How to treat Grey Scale aka Why is my skin mad at me?

wpid-20150704_021243.jpgEver since I started trying more products, I’ve noticed that there’s a massive difference between things my skin likes and things my skin doesn’t like. However, on rare occasions (twice) my skin has gone beyond looking a bit dull or getting a few pimples. Burning red cheeks, a layer of dead skin on top, and bumps from trapped pore gunk. It’s not my best look. It’s so unflattering that I’ve decided to call it grey scale. But what do you do when you’ve developed a reaction like that?

Photo is showing the early stages. Red bumps, tightness, dryness.
Firstly, is it really grey scale or is it just a bit fickle at the moment? Well, is it sudden? A significant change? Without any other cause such as hormonal variation, medical treatment, change in climate? Has it become painful to touch your skin? Is it visibly red? Spots appearing in places where you don’t usually get spots? Visibly dead skin on large parts of your face? Is it showing no signs of improvement after a few days?
Yeah, it’s probably grey scale.

Step 1: Identify the cause.
This is an allergic reaction more or less. There is something in one of the things you’re putting on your face that shouldn’t be put on your face. Very scientific, I know. If your skin is sensitive, watch out for alcohol and certain preservatives as they can be very drying for the skin. In my case, I also know to stay away from collagen boosters and honey. I know, one of the supposedly best home remedies in the world and my skin throws a fit whenever I use it.
Have you added a new product to your regimen? Has the product you’re using had its formula changed? In other words, what has changed to cause this?

Step 2: Eliminate the cause.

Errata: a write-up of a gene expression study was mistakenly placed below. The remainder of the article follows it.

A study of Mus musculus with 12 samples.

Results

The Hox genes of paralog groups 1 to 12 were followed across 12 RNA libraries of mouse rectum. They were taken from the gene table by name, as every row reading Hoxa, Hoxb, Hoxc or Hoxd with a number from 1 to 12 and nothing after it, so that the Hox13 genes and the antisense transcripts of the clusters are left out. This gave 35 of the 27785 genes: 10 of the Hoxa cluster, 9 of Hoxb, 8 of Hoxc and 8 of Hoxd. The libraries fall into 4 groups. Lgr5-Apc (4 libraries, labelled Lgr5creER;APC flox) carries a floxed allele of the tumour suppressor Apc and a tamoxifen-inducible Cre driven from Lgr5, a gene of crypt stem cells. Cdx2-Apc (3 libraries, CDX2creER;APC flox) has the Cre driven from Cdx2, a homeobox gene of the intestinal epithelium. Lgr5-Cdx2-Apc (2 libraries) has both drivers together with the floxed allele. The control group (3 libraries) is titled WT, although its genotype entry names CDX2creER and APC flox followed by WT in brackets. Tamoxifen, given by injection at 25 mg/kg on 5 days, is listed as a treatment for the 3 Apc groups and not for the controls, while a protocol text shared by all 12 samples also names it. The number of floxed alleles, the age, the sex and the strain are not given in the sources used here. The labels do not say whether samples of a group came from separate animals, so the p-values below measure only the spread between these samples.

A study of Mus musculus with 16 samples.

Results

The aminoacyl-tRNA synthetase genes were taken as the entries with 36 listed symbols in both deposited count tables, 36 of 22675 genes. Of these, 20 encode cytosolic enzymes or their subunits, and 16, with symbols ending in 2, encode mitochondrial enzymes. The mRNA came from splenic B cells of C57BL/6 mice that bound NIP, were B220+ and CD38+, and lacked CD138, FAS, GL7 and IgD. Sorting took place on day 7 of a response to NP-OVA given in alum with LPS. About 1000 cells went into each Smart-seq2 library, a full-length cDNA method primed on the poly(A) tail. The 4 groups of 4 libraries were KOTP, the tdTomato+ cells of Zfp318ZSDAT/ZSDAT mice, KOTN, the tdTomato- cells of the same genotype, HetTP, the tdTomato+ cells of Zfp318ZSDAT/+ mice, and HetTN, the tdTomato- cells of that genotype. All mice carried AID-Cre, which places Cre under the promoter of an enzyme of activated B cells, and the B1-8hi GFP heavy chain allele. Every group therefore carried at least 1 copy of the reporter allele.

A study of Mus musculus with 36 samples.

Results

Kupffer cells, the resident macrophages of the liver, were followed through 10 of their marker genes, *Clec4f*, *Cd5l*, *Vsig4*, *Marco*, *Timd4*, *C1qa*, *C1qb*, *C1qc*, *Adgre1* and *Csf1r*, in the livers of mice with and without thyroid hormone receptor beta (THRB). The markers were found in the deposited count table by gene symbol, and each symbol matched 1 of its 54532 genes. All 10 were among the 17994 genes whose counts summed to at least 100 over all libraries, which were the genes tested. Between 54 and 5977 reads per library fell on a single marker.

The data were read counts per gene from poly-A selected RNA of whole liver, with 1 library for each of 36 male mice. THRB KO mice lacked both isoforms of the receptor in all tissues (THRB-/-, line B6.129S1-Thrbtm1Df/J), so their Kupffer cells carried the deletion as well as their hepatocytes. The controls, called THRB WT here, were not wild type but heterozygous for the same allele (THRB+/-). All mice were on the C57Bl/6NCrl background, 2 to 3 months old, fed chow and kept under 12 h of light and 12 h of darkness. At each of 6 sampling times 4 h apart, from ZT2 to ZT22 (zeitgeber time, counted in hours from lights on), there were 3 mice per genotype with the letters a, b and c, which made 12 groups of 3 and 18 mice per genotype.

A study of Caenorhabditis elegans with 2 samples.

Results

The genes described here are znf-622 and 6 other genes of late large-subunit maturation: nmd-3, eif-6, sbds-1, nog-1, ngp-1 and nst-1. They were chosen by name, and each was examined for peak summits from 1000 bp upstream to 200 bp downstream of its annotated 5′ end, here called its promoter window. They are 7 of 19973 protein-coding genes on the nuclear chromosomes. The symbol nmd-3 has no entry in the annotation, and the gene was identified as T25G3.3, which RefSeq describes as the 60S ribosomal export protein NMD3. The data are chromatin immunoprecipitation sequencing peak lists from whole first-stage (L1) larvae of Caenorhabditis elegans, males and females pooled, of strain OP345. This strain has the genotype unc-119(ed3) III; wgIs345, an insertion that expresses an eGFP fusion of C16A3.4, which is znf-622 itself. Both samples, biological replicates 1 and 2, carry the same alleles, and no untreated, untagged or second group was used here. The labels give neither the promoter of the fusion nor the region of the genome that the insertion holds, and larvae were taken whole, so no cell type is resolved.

Stop using the product immediately once you think you’ve identified the culprit. If the problem has worsened gradually, the it is most likely a product you’re using every day. If it has flared up, then you’ve probably had an immediate and quite serious reaction to an ingredient.

Step 3: Treat the pain
I’m currently sitting here with a sheet mask on because I noticed my face was so dry it was itchy. After having eliminated the product I think might be causing this, I am now focusing on emergency relief. Throw some moisture in there, maybe something soothing. However, don’t go crazy. Use one mask, or one gel. Don’t go throwing new “miracle cures” on it. Shea butter is good, as is aloe vera, kelp, and mung beans. Go basic. Only do this if you have reached the point where you’re experiencing physical discomfort and are 100% certain it won’t make the problem worse.

Step 4: Back to basics
Your skin needs space to heal and recover. Don’t bring in any new products until the problem is gone. Stick to a mild cleanser, a mild toner, an essence for sensitive skin, and a moisturiser. Don’t add an extreme hydration sleeping pack thinking it will heal faster. Do not exfoliate straight away, give it some time to build some resilience before you start removing more skin cells. Make sure to double check the ingredients lists and ensure that you’re not using a product that contains even the tiniest amount of whatever you’re reacting to. You might normally be fine to use a cleanser with a small amount of alcohol, but after the alcohol in your new toner triggered this, your skin will be extra sensitive to this ingredient. Again, remove it completely.

Step 5: Give it room to ‘breathe’
Skin doesn’t actually breathe, apparently some people believe that it literally breathes. However, it does sweat. You don’t want to wear heavy makeup when your skin is healing. Nor do you want to use makeup that will require a lot of remover to… remove. Stick with a cushion foundation since it also contains spf. Forget concealers. Forget contouring. Forget anything that involves going over the affected area multiple times. You might want to consider entirely skipping makeup and just using a moisturiser with sunscreen. Don’t be tempted to cover the problem with tons of product, it will only take longer to heal.

Step 6: Wait
If you’ve correctly identified the harmful ingredient, your skin should improve significantly at a very rapid pace. Within a week or so, you should be fine. Be patient, don’t put your skin through too much stress (pool water, air planes, heavy sun exposure, rapidly changing climates), and don’t touch it. Seriously, don’t touch it. Your hands have plenty of bacteria on them throughout most of the day and you don’t want to be risking infections. When your skin is completely healed, you can go back to your normal routine (of course not using the ingredient/product that caused it in the first place).